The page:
Afghan officials blame the Taliban for violent reaction to Quran burning in the US. But the reality is more complicated.


MAZAR-E-SHARIF, Afghanistan — The explosion of violence in Afghanistan following Pastor Terry Jones’ burning of the Quran in Florida last month shocked the world. In the troubled aftermath, Afghan officials are trying to assess the damage and apportion blame, with the Taliban coming in for the lion’s share of responsibility.

But while it is tempting to attribute the carnage to insurgent activity, many experts inside the country disagree. The horrific events that took place in Afghanistan are due to more systemic flaws, they argue.

The incompetence of the security forces, the frustration many Afghans feel toward their own government, as well as a long-simmering resentment of the international community far outstrip any anger Afghans feel toward the desecration by an obscure American pastor of Islam’s holy book, analysts said.

More than 20 people died, and more than 100 were injured in the protests that swept the country after news of the Quran burning reached Afghanistan. The most unsettling incident took place on April 1 here in the northern capital, Mazar-e-Sharif, where an angry mob stormed the United Nations compound after Friday prayers, killing seven U.N. personnel and at least five Afghans.

Mazar, capital of Balkh province, has traditionally been one of the safest cities in Afghanistan, with a booming economy and a fairly liberal population. The outburst of rage among the protesters had provincial officials scrambling to assign blame for the destruction to forces from outside Balkh.

In a press conference held just hours after the U.N. killings, the governor of Balkh, Noor Mohammad Atta, said that those responsible for the violence were from “other provinces, such as Herat and Kandahar.” He also attributed responsibility to “enemies of the Afghan government,” a shorthand for the Taliban, and promised to find and punish the guilty.

Gen. Daud Daud, police commander for Afghanistan’s northern provinces, also blamed the mayhem on “opposition infiltrators.” More than 30 people had so far been arrested, he said, and some had already confessed, but he declined to provide details.

Taliban spokesman Zabiullah Mujahed, however, denied that the insurgents had taken an active role in the events in Mazar.

“We support the people’s protests, but we were not directly involved,” he said in a telephone interview.

Some question whether the Taliban, who are drawn primarily from the Pashtun ethnic group, would be able to whip up a crowd composed mainly of Tajiks. Balkh has a predominantly Tajik population.

“In my opinion, the Taliban do not have the capability to destabilize security in major cities,” said Abdul Hadi Khalid, former deputy minister of the interior. “Some specific groups inside the government organize conspiracies to eject their rivals from power.”

Many suspect that the government’s eagerness to point the finger at the Taliban is a political ploy to distract attention from what appears to be the inescapable truth about the April 1 events: The Afghan security forces were incapable of controlling the protesters or preventing the violence.

This is doubly worrying given that Mazar-e-Sharif is slated to be one of the first major cities transferred to full Afghan security by July.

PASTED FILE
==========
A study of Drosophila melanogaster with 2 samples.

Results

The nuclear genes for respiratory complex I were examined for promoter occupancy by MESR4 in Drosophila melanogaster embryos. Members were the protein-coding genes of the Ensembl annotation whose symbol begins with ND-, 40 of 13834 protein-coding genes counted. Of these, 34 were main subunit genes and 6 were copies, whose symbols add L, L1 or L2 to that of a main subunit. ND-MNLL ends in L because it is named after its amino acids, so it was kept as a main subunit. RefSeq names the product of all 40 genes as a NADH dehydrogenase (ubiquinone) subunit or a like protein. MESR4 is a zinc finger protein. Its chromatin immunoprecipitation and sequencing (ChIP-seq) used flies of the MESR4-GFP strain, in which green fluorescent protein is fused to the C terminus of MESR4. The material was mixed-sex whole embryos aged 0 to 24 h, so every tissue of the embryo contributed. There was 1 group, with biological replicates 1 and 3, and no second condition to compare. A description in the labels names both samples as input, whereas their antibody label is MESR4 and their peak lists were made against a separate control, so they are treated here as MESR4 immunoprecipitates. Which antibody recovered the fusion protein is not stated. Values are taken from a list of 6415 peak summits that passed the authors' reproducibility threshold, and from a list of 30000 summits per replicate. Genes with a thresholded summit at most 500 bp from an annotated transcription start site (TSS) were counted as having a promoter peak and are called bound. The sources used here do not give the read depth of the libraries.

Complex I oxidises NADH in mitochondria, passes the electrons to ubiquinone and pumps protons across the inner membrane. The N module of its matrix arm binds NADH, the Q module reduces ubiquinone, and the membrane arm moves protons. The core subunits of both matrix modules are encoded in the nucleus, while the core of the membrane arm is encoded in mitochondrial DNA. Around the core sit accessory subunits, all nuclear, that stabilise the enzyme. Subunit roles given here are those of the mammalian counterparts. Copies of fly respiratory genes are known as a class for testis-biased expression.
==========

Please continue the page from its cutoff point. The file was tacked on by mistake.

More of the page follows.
The demonstration on April 1 began from the Rauza, widely dubbed “the Blue Mosque” in the international press. According to security authorities, several thousand protesters poured out of the Rauza after Friday prayers, where mullahs had stirred emotions with fiery speeches condemning the burning of the Quran.

The Mazar Ulema, a council of religious scholars, had applied for permission to hold a demonstration after Friday prayers.

Mullah Abdul Hanan Hamed, acting head of Balkh’s Department of the Haj and Religious Issues, said that his organization had been aware of the planned protests. Hamed’s department issues local mullahs directives on Friday prayers, with bullet-point notes to aid them in writing their sermons.

“That day’s speech was supposed to be about the security transition,” Hamed said. “But in the letter we sent out to the mullahs we said that it was not a problem if they also condemned the burning of the Quran.”

The crowd was expected to march from the Rauza towards the site of the U.S. Consulate, to the west. But since the consulate is still under construction, the organizers changed plans at the last minute, directing the demonstrators to the U.N. compound a short distance away to the south.

Once there, they overwhelmed the guards, gained access to the premises, and went on a bloody rampage that resulted in at least 12 deaths and the destruction of much of the compound.

Maulawi Abdul Rauf Tawana, one of the organizers of the demonstration, openly blames the police, while also hinting that there were provocateurs among the protesters.

“It was not our job to take security for the demonstration,” he insisted. “That was the job of the police. We tried to identify the infiltrators, but the crowd was too big.”

Gen. Esmatullah Alizai, Balkh’s chief of police, did not disagree.

“We had deployed 200 police to ensure security during the demonstration,” he said “But the number of demonstrators was too large. We were told that they were heading to the U.S. Consulate, but then they suddenly turned towards the UN, and we were unable to control them.”

Security authorities in Balkh say there could have been as many as 10,000 demonstrators; other sources put the number closer to 4,000.